Tesco has refunded £2.5 million to 9,000 customers after a "systematic, sophisticated attack" struck the British retail bank.
Chief executive Benny Higgins told BBC News that the bank has returned all stolen funds to affected customers. Tesco has also allowed account holders to resume making online payments using their debit cards, an inconvenience for which Higgins apologized:
"We've now refunded all customer accounts affected by fraud and lifted the suspension of online debit transactions so that customers can use their accounts as normal. We'd again like to apologize for the worry and inconvenience this issue has caused."
No personal information was compromised in the incident.
At this time, there is still no information available about what exactly caused the attack.
Andrew Bailey, chief executive of the Financial Conduct Authority (FCA), suggested the attack could have resulted from a weakness in Tesco's IT environment. But it's still too early to tell.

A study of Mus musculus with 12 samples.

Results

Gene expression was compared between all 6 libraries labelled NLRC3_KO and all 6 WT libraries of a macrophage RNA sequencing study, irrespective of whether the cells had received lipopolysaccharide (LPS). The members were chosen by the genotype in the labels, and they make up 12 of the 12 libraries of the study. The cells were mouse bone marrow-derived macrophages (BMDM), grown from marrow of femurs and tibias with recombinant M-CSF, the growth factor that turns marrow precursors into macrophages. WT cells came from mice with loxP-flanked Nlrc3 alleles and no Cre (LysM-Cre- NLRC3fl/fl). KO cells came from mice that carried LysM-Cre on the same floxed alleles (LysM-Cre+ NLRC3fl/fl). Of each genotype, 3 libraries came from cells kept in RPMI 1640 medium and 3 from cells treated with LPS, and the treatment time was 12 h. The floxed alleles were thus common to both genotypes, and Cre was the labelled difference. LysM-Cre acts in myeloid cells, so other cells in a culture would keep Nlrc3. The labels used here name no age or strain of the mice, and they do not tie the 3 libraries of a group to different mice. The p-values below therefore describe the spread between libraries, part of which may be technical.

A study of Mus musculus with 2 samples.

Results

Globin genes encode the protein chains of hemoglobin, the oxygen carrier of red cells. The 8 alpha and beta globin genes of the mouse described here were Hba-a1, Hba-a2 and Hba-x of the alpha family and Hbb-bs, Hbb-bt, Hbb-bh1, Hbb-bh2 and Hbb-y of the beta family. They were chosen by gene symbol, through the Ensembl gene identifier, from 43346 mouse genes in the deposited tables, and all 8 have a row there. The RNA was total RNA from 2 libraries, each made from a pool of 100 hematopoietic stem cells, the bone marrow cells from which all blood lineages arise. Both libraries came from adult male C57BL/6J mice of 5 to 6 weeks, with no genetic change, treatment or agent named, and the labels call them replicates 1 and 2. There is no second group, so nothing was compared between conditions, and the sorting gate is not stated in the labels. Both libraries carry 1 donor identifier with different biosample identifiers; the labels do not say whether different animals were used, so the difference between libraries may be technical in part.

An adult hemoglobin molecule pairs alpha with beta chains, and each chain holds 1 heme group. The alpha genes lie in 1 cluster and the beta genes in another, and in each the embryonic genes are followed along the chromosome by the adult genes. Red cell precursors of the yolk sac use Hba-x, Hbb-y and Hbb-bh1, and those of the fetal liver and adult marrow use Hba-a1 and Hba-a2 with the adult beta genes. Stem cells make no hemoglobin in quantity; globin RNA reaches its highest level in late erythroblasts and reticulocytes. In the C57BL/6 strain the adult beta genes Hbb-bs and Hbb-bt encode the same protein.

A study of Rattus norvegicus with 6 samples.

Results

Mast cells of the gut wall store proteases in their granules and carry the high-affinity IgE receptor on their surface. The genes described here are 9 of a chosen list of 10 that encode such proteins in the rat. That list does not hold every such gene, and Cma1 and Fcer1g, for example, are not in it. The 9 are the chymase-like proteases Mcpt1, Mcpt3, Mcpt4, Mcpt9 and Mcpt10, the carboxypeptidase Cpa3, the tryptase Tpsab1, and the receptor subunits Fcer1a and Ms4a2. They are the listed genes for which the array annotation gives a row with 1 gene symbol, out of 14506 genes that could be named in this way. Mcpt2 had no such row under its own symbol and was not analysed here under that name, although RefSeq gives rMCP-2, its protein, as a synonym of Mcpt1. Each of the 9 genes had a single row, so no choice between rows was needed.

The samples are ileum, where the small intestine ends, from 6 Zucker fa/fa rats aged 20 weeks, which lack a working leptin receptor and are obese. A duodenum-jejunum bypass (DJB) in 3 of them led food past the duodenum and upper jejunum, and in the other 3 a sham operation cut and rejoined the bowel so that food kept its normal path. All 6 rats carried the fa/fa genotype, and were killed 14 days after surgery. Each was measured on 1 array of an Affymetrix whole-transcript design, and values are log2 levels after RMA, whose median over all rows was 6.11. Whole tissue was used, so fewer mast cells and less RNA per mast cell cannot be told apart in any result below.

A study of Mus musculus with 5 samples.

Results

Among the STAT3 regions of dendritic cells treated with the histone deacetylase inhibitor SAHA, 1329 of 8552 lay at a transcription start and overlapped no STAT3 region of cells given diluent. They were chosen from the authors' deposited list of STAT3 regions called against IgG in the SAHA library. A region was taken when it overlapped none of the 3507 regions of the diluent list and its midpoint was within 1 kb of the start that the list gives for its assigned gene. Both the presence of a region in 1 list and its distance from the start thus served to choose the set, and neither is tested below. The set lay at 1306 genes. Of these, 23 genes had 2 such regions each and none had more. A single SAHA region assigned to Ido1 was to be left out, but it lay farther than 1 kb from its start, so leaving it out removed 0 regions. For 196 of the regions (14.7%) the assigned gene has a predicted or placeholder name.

The National Crime Agency (NCA) is currently leading the investigation into the matter.
On 5 November, the bank warned account holders to be on the lookout for suspicious changes to their account balances.
Tesco, which boasts more than 7 million customers, went on to ask those who observed fraud on their accounts contact it immediately so that its representatives could refund any lost funds within 24 hours.
But when affected users attempted to contact the bank, many experienced difficulties in reaching a representative.
One such customer expressed their frustration on Tesco's website. As quoted by The Guardian:
"I have been trying to contact you since last night and have now – unsuccessfully – spent over two hours on the phone. I have identified a shortfall of over £600 between balance and funds available. You are urging affected customers to contact you at once, but making it impossible to do."
Affected customers who have already reported payment card fraud to the bank can expect to receive a new card in the next week or so.